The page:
Blood cancer cases are on the rise according to an analysis of the latest hospital admission figures, with the majority of admissions currently being for Lymphoma.
In the last ten years, admissions have risen by a quarter for the three main types of blood cancer, which are lymphoma, leukaemia and myeloma.
Figures went from 19,350 to 24,180 in just one year, according to DKMS’s analysis of the latest Health and Social Care Information Centre data.
The analysis revealed to mark World Blood Cancer Day (28th May), shows a considerable increase in admissions to hospital for leukaemia (23%), lymphoma (22%) and myeloma (37%).
What’s more, leukaemia, lymphoma and myeloma are all types of blood cancer featured in the top ten most common cancers in the UK, alongside breast, prostate and lung cancer.
Peter Mas-Mollinedo, chief executive of DKMS, warned that this growing number shouldn't be ignored, and the best way to help is through a blood stem cell donation. This life-saving treatment could help those diagnosed.
He says they have a tough job of getting people to register, and that's why they're using World Blood Cancer Day as a drive to help encourage people to sign up and join the register. It could help to save a person's life.
It takes just minutes to register online, and you'll get a cheek swab kit to carry out a tissue test. This then goes onto a database which might see you one day be a blood stem cell donor. You register on the site dkms.org.uk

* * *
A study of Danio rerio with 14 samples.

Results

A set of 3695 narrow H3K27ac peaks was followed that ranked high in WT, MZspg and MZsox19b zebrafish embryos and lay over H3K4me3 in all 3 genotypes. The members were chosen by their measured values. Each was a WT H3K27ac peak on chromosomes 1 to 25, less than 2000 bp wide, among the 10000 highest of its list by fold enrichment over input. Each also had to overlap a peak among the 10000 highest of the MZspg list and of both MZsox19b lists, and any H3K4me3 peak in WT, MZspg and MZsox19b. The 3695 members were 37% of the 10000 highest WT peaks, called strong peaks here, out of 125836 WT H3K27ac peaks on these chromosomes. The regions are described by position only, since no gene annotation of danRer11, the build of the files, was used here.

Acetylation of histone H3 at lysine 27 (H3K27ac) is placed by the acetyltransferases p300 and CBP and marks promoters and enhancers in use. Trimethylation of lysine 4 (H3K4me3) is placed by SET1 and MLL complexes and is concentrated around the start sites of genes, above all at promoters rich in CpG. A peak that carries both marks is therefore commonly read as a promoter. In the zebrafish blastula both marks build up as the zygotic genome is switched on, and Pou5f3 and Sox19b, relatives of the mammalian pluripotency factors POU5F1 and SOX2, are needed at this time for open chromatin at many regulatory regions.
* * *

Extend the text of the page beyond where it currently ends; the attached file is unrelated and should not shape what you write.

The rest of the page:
What is blood cancer?
When doctors refer to blood cancer there are a number of things it could be, it's a general term for the cancers that can affect bone marrow and the lymphatic system, as well as the blood.
It's a cancer that affects many people, in fact, in the UK every 20 minutes someone is told they have blood cancer.
Myeloma is one of the less common types of blood cancer, but it still occurs.
The sixth most common cancer in the UK is a type of blood cancer, Non-Hodgkin lymphoma. And the 11th most common cancer in the UK is Leukaemia.
Treatments for blood cancer
The treatment for blood cancer is dependant on the type that you have, as well as the stage of cancer you have. Your general health is also taken into consideration.
The most common treatments are chemotherapy and radiotherapy. However, in some cases, only a stem cell or bone marrow transplant will help.
Signs and symptoms of blood cancer
There are many different symptoms you may get if you have blood cancer. Some of them can be quite vague and not everyone has the same symptoms. Once your GP or hospital team suspect blood cancer, they’ll organise a series of tests to confirm a diagnosis.